This is not your typical diet. There are no quick fixes or easy answers to be found. Instead, Lysa Terkuerst takes a different tack. She talks about craving. She states (and I agree) that we were made to crave. The problem isn't with craving itself, but rather WHAT we crave. She is also very transparent about her own struggles with excess weight and low self-esteem. She doesn't claim to have all the answers and admits she still struggles. Lysa has a lot of good things to share. I agree that when it comes to losing weight, the biggest issue isn't knowing what to do. There are countless diet books to guide you. However, I know for me, the biggest issue is the want to. I would rather have quick fix. Pop a pill or try this diet. I want the benefits of losing weight without the discipline and hard-work it takes to make that a reality. Lysa discusses that topic in depth in the book. That and her discussion of emotional eating are two of this book's biggest strengths.
I like that Lysa points out that being overweight is more than just a physical battle and issue. It's a mental, emotional, and spiritual issue as well. I think that this is an element that is missing in many diet books. Lysa will hit you where it hurts and raise issues you may not want to think about.
However, I would be remiss if I didn't mention a couple of problems with this book as well. The diet that Lysa used to lose the excess weight is one that is extremely restrictive. No sugar, bread, rice, potatoes, corn, or pasta. I'm just not convinced that such a restrictive diet is healthy or sustainable long-term. I believe it is possible to get portions under control without such a restrictive diet. She is quick to suggest that such a restrictive diet isn't right for everyone. But it's the only diet discussed in the book. She fails to discuss less restrictive options. I know myself too well. I would never be able to completely cut sugar and starch out of my diet. I don't think I could maintain a diet like that short-term, much less for the rest of my life.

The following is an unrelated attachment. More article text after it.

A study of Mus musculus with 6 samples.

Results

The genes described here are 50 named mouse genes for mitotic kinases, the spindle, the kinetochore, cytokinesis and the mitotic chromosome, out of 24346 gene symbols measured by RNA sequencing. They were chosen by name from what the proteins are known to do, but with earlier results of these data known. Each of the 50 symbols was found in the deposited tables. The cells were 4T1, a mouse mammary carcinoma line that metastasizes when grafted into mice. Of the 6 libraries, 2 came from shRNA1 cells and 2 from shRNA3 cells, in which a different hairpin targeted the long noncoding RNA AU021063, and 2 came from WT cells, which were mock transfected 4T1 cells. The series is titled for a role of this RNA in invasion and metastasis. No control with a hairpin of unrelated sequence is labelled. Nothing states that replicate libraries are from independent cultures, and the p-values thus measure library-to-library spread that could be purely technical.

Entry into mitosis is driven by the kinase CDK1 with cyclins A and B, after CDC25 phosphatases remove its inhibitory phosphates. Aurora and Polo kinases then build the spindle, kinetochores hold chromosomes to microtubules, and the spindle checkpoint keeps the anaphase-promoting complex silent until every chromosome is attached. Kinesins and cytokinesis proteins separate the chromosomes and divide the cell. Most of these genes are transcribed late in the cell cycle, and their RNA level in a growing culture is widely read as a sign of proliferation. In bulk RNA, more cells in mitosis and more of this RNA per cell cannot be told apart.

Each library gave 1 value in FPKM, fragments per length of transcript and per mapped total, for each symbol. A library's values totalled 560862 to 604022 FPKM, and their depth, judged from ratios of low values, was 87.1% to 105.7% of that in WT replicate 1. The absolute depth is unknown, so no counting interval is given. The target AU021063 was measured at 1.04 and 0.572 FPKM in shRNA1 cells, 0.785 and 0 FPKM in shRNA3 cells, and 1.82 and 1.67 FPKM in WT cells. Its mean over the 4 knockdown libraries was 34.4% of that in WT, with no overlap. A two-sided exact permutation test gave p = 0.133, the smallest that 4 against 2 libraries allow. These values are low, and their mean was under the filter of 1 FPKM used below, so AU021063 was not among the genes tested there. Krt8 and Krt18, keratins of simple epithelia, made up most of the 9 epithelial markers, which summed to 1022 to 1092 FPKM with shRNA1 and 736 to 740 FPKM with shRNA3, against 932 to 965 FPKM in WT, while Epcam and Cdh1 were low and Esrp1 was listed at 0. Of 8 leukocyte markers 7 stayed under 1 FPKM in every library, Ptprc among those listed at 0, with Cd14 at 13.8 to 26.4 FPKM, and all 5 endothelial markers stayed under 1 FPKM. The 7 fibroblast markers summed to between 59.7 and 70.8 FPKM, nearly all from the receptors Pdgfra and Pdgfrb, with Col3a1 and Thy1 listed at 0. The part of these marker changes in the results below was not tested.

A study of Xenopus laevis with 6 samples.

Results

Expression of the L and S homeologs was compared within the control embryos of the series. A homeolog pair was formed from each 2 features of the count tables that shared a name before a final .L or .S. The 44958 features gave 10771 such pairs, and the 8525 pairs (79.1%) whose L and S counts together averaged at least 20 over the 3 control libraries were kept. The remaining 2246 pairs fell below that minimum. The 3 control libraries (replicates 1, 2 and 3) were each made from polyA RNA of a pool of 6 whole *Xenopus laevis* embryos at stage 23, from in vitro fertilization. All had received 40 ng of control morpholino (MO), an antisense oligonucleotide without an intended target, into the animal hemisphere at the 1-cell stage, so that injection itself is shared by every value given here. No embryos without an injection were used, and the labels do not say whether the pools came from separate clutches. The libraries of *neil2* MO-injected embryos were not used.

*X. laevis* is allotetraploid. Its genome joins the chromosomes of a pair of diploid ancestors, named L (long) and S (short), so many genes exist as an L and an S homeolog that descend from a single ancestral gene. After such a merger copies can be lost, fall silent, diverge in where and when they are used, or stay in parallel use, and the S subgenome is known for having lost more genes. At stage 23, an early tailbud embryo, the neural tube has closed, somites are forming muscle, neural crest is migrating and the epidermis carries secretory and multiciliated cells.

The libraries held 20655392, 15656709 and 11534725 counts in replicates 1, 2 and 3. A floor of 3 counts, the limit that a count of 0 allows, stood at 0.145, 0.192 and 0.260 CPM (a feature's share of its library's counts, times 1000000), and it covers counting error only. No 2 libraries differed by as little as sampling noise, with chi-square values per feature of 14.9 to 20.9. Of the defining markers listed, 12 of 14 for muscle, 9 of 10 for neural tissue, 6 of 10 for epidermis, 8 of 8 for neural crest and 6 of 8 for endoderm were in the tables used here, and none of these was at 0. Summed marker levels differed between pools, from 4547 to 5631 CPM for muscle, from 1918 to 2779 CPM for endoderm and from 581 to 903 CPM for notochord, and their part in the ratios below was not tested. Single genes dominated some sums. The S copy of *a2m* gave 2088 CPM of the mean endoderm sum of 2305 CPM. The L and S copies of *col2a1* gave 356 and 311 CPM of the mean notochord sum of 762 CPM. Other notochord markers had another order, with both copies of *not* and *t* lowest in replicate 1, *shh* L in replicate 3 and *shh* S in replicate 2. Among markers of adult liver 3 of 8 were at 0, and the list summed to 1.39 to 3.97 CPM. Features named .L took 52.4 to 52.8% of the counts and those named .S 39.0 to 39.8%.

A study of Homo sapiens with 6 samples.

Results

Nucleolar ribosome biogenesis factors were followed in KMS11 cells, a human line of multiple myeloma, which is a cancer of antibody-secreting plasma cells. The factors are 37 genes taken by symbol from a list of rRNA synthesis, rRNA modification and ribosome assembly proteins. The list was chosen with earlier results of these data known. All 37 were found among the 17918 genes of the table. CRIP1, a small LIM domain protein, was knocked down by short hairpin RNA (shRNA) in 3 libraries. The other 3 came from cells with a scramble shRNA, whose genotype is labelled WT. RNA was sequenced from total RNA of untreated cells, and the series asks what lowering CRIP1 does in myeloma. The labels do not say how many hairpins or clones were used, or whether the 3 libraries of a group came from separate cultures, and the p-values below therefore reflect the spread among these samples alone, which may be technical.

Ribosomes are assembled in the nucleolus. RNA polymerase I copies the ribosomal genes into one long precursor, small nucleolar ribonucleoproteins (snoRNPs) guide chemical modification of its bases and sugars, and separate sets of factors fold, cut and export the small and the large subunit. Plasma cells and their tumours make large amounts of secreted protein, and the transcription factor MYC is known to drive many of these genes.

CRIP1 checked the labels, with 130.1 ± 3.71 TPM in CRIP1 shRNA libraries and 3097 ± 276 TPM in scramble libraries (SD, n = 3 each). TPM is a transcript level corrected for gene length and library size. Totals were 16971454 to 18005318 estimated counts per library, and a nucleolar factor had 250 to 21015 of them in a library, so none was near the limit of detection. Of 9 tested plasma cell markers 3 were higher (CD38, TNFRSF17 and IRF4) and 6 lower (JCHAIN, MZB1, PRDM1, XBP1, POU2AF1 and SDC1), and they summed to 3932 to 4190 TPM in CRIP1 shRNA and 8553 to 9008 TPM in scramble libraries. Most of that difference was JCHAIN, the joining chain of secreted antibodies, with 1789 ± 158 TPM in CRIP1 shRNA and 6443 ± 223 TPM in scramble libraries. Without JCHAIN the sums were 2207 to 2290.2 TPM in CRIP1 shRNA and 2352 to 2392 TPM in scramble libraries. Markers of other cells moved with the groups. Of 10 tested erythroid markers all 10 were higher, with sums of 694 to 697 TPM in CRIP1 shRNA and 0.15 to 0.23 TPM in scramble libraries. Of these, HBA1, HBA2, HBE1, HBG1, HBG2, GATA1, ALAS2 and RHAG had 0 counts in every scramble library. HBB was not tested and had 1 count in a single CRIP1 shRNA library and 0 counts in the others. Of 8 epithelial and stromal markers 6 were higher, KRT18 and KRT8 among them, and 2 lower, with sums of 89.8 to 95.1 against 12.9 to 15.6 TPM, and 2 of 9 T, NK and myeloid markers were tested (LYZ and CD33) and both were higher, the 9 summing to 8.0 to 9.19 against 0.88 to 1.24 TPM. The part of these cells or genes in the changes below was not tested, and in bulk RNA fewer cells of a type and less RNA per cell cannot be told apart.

I also found it frustrating that Lysa is very rigid and legalistic about having something she is craving, such as a sweet, a baked good, or dessert. She makes a sound like a person who is trying to lose weight should never ever, have things like that again. It seems to me like she fails to see the difference between having one brownie, once in a while, and eating the entire pan in one sitting. . She trusts God to help her overcome her cravings and temptations, so why can't she employ the same faith and trust here? In my opinion, a lot of the problem isn't in WHAT we eat, but rather in how much. Lysa doesn't even discuss eating in moderation, and I wonder why. Even so-called healthy foods can cause you to gain weight if you eat too much of them. Calories are calories.
Overall, this is a good book, and I would highly recommend it. Lysa does have a lot of good and thought-provoking things to say.